Malacañang on Friday said China’s ongoing land reclamation in reefs in the disputed waters was seen by the Philippine government as preparation for more land reclamation operations.
Palace deputy spokesperson Abigail Valte said China’s attempt to expand its maritime frontiers by claiming islands and reefs was “designed” to advance its “nine-dash line” claims in the West Philippine Sea (South China Sea).
“Well, apparently they are very aggressive in pursuing their expansion in the West Philippine Sea and, obviously, these steps are designed to advance the theory of their nine-dash line,” Valte told reporters in a press conference.
“Their [China] nine-dash line theory essentially occupies the entire West Philippine Sea,” she added
Valte remarks came after reports that China is reclaiming land in not just one but five areas in the disputed Spratlys Islands.
The report noted that a confidential Malacañang report detailed the land reclamation activities of China in five areas, namely Johnson South (Mabini) Reef, Cuarteron (Calderon) Reef, Hughes (Kennan) Reef, Gaven (Burgos) Reef and Eldad (Malvar) Reef.
In March, the Philippine government revealed that China was reclaiming land in Mabini Reef, part of the Kalayaan Island Group.
The Department of Foreign Affairs released photographs showing how the small Chinese garrison was expanded to almost nine hectares in just two years.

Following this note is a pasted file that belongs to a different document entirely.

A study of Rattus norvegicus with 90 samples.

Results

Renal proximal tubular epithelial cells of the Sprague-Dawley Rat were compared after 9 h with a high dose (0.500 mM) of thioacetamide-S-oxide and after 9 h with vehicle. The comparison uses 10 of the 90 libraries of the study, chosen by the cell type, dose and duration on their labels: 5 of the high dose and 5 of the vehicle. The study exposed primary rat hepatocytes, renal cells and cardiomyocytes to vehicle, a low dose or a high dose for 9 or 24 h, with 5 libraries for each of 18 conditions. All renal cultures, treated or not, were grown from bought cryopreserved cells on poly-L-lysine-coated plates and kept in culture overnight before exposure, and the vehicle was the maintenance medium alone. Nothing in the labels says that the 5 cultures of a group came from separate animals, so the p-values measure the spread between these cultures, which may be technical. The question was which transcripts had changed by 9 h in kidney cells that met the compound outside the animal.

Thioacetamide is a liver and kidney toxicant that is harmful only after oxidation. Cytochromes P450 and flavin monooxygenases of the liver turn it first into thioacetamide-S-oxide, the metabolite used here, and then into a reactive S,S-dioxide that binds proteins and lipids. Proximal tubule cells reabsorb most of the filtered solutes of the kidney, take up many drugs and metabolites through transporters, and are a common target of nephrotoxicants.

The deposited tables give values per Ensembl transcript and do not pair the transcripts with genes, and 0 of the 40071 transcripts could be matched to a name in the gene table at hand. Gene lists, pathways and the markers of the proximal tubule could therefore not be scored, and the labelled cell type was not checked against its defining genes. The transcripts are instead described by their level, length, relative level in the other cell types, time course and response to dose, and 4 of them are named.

Earlier this month, President Benigno Aquino 3rd said he had seen photos of Chinese ships that can be used for reclamation near the Johnson, Gaven and Cuarteron Reefs.
Valte, however, said reports that China has expanded its activities in other parts of the West Philippine Sea have not yet been confirmed.
“The President did mention, pretty recently, about movements that have been monitored in Calderon Reef. But I am not quite certain about the other two that have been mentioned, but we will check with the military,” she said.
Valte added that the Philippines is sticking to diplomacy and refuses to be provoked into any action despite reports of China’s activities.
“We have chosen those tracks. The legal, the political, as well as the diplomatic; and we will stick to that. Again, we will not respond to provocative acts,” she said.
The Philippine has filed an arbitration case against China. Malacañang said the country’s move has gained the support of other nations.
China, however, has refused to subject itself to the arbitration proceedings.
Tensions in the South China Sea have been rising since the discovery of China’s oil rig in the Paracel Islands, its reclamation at Mabini Reef, and Beijing’s activities in Ayungin Shoal.
Over the years, China also laid claim to the Kalayaan island group and Scarborough Shoal.